SDL Develops Technology to Track Moving Targets

November 16, 2001

LOGAN — Real-time digital reconnaissance, jointly developed at the Space Dynamics Laboratory (SDL),

Using current reconnaissance technology, moving targets are hard to destroy. Existing wet film data collection methods require the ground operators to first recover the film from the aircraft, then develop the negatives, print and evaluate the images, and finally send mission orders back to the squadron. This allows time for these targets to relocate and go into hiding.

The newest airborne tactical reconnaissance system will combat that problem. The Shared Reconnaissance Pod (SHARP), the Full Capabilities Tactical Airborne Reconnaissance Pod System - Completely Digital (FCAP TARPS-CD), and the SDL developed Navy Input Station (NAVIS) are the most advanced reconnaissance technologies, integrating state-of-the art electro-optical/infrared sensors and digital imagery with real-time digital recording, data link transmission, and display.

"With this technology, pilots will be able to perform more rapid strikes against enemy targets," said Niel Holt, NAVIS program manager at SDL.

NAVIS is a real-time reconnaissance imagery receiving and display system. It allows the operator to process, display and manipulate imagery as the aircraft is flying, enabling clarification of targets and instantaneous strikes.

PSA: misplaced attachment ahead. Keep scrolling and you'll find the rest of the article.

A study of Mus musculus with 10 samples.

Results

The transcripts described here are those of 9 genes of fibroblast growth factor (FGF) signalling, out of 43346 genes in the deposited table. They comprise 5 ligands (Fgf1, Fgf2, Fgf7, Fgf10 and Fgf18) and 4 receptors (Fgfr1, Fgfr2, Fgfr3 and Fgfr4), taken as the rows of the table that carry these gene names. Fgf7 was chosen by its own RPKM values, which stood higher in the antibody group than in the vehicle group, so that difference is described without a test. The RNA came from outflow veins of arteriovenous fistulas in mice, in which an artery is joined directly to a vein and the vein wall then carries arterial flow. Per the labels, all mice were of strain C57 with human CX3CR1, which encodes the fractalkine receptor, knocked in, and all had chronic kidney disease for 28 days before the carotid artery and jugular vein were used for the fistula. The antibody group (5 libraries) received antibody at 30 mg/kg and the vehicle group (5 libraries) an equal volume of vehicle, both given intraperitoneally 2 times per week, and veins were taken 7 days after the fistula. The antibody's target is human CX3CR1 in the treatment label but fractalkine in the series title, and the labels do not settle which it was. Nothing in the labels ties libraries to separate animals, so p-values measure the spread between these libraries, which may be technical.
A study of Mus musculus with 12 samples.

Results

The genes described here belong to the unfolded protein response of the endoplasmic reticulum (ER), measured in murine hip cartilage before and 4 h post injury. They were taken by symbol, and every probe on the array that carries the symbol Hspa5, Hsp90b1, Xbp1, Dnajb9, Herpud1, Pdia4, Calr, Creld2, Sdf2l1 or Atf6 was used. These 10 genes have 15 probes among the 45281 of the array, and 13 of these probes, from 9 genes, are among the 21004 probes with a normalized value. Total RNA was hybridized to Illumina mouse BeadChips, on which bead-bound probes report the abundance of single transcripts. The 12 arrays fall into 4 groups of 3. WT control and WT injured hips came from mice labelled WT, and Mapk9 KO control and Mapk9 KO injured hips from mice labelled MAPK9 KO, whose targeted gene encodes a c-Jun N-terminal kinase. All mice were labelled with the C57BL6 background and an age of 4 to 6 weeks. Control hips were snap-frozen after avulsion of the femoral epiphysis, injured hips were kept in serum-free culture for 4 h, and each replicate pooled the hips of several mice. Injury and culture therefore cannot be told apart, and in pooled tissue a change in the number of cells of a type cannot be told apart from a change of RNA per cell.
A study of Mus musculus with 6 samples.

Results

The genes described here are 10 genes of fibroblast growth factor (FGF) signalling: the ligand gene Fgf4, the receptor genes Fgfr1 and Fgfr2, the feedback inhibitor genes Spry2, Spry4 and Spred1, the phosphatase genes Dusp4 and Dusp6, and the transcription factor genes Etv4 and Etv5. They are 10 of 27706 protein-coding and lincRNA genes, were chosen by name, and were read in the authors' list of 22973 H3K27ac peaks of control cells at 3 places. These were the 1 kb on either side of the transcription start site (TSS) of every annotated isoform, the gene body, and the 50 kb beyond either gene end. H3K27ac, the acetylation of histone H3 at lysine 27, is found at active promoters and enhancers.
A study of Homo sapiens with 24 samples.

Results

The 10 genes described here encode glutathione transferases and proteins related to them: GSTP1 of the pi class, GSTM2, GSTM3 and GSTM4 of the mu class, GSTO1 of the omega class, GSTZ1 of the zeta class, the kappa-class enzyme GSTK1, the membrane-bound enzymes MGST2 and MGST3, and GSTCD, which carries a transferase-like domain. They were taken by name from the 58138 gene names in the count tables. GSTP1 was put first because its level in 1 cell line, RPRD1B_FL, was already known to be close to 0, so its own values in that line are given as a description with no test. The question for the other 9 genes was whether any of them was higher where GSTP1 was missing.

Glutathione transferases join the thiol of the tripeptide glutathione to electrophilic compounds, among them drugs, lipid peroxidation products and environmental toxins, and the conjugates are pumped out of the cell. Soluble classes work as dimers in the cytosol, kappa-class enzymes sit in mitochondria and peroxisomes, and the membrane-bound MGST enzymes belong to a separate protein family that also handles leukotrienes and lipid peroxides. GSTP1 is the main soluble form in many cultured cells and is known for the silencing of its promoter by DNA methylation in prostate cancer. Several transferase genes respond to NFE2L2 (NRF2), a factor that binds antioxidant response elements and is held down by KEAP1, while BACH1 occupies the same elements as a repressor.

During a recent demonstration of the system, an F/A-18F and P-3 equipped with a SHARP prototype flew over the Pentagon and the Washington DC area, transmitting real-time images to NAVIS. Live images acquired during the flights included the Reagan National Airport runways and the Pentagon parking lot, as well as other area landmarks.

As the planes flew over, SDL officials, members of Congress, media representatives, and Navy and industry officials watched the real-time imagery demo on the NAVIS ground station from a tent in the north parking lot of the Pentagon.

The NAVIS project has been in development for less than four years and has transitioned to NAVAIR for full rate production. NAVIS will be ready for its scheduled deployment with a SHARP equipped F/A-18E/F Super Hornet wing in 2003. Team members in the development of the systems demonstrated at the Pentagon flyover included the Naval Research Laboratory, NAVAIR, Space Dynamics Laboratory, Raytheon, Recon Optical, L-3 Communications, Ampex, Honeywell, and Smith Industries.